Indonesia Weighs Debut Kangaroo Bond Sale on Yield OutlookYudith Ho
Indonesia is considering selling Kangaroo bonds for the first time next year as analysts predict Australia’s yield premium over Treasuries will narrow and its currency weaken.
“We are thinking of tapping this market, and issuing in the Australian dollar is a possibility,” Robert Pakpahan, director general at the debt management office, said in a July 5 interview in Jakarta. “We will be meeting with investors first to gauge what kind of demand there is.”
The extra yield investors demand to hold 10-year Australian government notes over similar-maturity Treasuries has fallen 30 basis points this year to 121 and is projected to reach 94 basis points by the end of 2014, according to Bloomberg surveys of analysts. Australia’s dollar, which has dropped 13 percent against the greenback since March, will weaken an additional 1.7 percent by the middle of next year, according to the median estimate in a separate survey.
Indonesia benefited from a 21 percent decline in the yen against the dollar since it sold Samurai bonds in November, reducing its interest payments, Pakpahan said. The country will boost the proportion of debt sales in foreign currencies to as high as 20 percent in 2013, from an earlier target of 15 percent, as it seeks to fund what is forecast to be its widest budget deficit on record without overcrowding the local market, he said.
Southeast Asia’s largest economy sold $3 billion of dollar bonds in April, including $1.5 billion of 10-year debt at a record-low yield of 3.5 percent. The rate has since climbed to 5.09 percent, data compiled by Bloomberg show, as indications the Federal Reserve is preparing to scale back monetary stimulus drove global yields higher.
The premium investors demand to hold the 10-year notes over similar-maturity Treasuries has widened from 176 basis points at the sale to 220 basis points, and peaked at 274 basis points on June 24.
Indonesia would join Russia’s VTB Capital, Korea Gas Corp. and Zurich-based ABB Ltd., who have all tapped the Australian market for the first time in the past year. Sales of Australian dollar-denominated bonds sold by offshore borrowers, dubbed Kangaroo bonds, rose 11 percent so far in 2013 to A$14.1 billion ($12.9 billion), data compiled by Bloomberg show.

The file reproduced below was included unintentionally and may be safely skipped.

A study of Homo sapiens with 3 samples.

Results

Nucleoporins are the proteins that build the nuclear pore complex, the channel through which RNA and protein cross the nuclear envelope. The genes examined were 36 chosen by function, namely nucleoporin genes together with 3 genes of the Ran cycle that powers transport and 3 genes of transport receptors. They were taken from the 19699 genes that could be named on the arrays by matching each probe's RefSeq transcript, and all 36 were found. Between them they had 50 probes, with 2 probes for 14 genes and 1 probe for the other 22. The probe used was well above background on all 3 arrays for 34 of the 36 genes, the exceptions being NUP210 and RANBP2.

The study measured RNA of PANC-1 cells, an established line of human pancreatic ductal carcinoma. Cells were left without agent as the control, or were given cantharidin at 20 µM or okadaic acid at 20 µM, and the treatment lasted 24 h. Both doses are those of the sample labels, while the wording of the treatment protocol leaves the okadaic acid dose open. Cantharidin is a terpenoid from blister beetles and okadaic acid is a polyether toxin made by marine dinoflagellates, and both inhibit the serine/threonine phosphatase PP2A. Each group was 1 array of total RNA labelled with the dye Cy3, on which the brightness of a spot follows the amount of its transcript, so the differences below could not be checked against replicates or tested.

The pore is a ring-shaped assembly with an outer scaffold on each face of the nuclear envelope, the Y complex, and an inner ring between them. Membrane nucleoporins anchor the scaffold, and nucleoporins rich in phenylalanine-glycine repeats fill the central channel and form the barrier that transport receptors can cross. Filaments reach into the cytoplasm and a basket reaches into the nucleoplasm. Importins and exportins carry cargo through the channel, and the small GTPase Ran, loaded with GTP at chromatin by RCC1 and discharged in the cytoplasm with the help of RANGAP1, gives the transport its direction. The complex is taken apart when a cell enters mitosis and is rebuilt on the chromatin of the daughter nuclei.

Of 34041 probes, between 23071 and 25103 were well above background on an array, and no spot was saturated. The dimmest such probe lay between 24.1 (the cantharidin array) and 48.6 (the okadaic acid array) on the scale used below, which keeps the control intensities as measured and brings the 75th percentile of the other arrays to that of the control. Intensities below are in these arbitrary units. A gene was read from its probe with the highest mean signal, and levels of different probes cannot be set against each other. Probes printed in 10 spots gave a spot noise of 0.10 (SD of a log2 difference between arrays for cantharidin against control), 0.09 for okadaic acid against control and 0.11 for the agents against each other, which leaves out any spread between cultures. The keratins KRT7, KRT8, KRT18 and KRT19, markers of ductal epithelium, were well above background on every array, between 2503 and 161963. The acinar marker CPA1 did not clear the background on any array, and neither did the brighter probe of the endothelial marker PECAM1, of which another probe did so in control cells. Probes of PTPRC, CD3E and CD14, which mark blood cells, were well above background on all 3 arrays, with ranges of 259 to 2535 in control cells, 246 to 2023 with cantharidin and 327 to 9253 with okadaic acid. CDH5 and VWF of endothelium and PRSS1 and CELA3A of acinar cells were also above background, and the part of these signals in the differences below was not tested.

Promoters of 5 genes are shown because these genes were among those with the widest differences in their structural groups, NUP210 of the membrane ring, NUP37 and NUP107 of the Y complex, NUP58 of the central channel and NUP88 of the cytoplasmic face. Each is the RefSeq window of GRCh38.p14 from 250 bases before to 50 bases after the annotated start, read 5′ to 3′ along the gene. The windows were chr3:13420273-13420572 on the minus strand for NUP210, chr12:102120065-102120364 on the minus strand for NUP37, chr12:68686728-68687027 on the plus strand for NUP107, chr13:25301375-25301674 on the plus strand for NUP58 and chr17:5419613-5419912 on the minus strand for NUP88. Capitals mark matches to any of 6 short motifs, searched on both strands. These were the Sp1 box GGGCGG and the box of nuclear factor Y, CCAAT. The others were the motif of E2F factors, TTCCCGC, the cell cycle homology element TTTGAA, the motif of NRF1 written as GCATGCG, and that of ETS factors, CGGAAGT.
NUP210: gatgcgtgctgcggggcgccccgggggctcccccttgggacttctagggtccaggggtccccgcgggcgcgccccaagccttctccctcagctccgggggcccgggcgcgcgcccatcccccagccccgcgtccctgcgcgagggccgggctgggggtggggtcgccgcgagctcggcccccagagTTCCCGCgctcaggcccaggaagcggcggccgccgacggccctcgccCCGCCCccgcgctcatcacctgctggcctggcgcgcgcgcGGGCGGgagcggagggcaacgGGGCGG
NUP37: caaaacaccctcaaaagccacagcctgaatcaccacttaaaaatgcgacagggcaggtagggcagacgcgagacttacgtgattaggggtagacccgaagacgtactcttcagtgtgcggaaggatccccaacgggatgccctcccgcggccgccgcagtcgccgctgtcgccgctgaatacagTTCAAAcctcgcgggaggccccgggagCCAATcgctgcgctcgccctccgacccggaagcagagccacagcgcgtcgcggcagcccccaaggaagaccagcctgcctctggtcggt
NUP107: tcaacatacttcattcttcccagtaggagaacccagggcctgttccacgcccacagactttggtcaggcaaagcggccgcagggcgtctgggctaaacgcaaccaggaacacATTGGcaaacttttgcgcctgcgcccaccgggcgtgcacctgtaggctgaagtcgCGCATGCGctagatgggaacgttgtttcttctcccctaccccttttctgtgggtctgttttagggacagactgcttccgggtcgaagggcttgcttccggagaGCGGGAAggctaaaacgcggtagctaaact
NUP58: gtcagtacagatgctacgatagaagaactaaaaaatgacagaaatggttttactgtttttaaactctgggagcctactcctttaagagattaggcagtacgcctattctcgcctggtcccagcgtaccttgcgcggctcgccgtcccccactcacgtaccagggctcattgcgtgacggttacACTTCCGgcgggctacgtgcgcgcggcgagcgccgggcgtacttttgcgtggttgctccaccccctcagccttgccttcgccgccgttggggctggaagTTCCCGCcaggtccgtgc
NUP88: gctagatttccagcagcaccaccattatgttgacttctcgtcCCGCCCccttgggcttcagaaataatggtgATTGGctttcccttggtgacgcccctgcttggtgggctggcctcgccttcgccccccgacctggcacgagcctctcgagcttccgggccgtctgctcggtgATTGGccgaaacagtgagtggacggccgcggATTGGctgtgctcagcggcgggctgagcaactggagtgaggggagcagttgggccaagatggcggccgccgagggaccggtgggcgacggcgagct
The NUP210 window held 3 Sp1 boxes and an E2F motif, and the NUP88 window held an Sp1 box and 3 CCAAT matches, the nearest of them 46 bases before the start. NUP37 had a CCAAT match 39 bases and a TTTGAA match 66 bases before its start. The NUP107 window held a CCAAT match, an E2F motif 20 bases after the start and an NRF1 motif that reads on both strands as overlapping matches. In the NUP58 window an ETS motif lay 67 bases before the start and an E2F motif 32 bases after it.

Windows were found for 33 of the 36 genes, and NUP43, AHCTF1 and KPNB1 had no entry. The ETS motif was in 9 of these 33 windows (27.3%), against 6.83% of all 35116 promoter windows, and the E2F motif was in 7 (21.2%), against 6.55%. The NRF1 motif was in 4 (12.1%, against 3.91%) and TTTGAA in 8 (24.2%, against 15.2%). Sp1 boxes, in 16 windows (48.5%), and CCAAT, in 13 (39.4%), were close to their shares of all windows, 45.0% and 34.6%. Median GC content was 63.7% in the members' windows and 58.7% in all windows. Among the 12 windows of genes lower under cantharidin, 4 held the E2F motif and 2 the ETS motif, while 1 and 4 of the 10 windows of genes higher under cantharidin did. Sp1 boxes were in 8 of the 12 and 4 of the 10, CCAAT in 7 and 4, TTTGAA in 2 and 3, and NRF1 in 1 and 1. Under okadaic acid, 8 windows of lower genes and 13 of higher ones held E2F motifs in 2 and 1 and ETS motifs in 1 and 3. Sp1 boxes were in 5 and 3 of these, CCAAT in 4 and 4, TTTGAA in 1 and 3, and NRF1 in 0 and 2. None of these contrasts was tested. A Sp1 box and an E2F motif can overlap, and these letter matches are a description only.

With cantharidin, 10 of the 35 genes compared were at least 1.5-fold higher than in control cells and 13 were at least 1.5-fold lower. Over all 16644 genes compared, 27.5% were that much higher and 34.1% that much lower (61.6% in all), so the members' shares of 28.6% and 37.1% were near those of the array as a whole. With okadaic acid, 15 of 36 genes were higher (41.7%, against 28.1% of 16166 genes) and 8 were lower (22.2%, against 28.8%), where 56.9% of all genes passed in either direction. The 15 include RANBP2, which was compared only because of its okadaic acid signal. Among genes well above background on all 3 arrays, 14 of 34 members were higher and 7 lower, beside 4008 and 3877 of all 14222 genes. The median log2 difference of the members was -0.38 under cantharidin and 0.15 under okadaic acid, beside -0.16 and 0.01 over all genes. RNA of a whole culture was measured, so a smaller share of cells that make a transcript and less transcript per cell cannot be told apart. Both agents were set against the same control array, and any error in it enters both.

“Australian investors are looking for new names like Indonesia,” Roger Bridges, who helps oversee the equivalent of $22 billion as head of fixed income at Tyndall Investment Management Ltd., said in a July 5 interview from Sydney. “Appetite would depend on the spread,” as emerging-market yields have dropped a lot in recent years and are only now increasing, he said.
Indonesia’s local-currency bonds and dollar-denominated notes both lost about 10 percent this year, the worst performances among Asia’s 10 biggest economies excluding Japan, HSBC Holdings Plc indexes show. Outstanding notes yield 8.05 percent, compared with 1.89 percent for U.S. sovereign debt and 5 percent for Australia, weighted averages show.
Indonesia predicts a budget deficit of 2.8 percent of gross domestic product this year, which would be the biggest in Bloomberg data going back to 2004. The shortfall was 1.5 percent in 2012. The national debt of $147 billion is equivalent to 25 percent of GDP, the lowest ratio in 12 Asian emerging-market economies tracked by Bloomberg.
The Finance Ministry may sell as much as $3.6 billion more dollar bonds this year, Pakpahan said. It has previously announced it will offer $500 million of dollar-denominated debt onshore in October and that it is planning two global sales this half, one of which will be a sukuk issue. Pakpahan declined to comment on the timing and said the government is seeking clarity on when the Fed will rein in U.S. stimulus.
“Recent developments, with volatility in the emerging markets and the U.S., have made us realize that we shouldn’t reduce our options,” he said. “What we should do is sell in a currency when it is strong but weakening, which was what we saw happen last year to the yen.”
The drop in interest payments on Indonesia’s yen-denominated debt has probably exceeded the increase in the cost of servicing the nation’s dollar debt, caused by the rupiah declining 5.5 percent against the greenback in the past year, Pakpahan said. The government will consider selling Samurai bonds for the fourth time next year depending on market conditions, he said.
The nation has hired banks to manage its planned dollar-denominated bond and sukuk offers this half, and the Islamic sale is likely to be the smaller of the two, Pakpahan said. Deutsche Bank AG, Citigroup Inc. and Standard Chartered Plc will manage the Shariah-compliant offer, while JPMorgan Chase & Co., Barclays Plc and StanChart will arrange the non-Islamic sale, he said.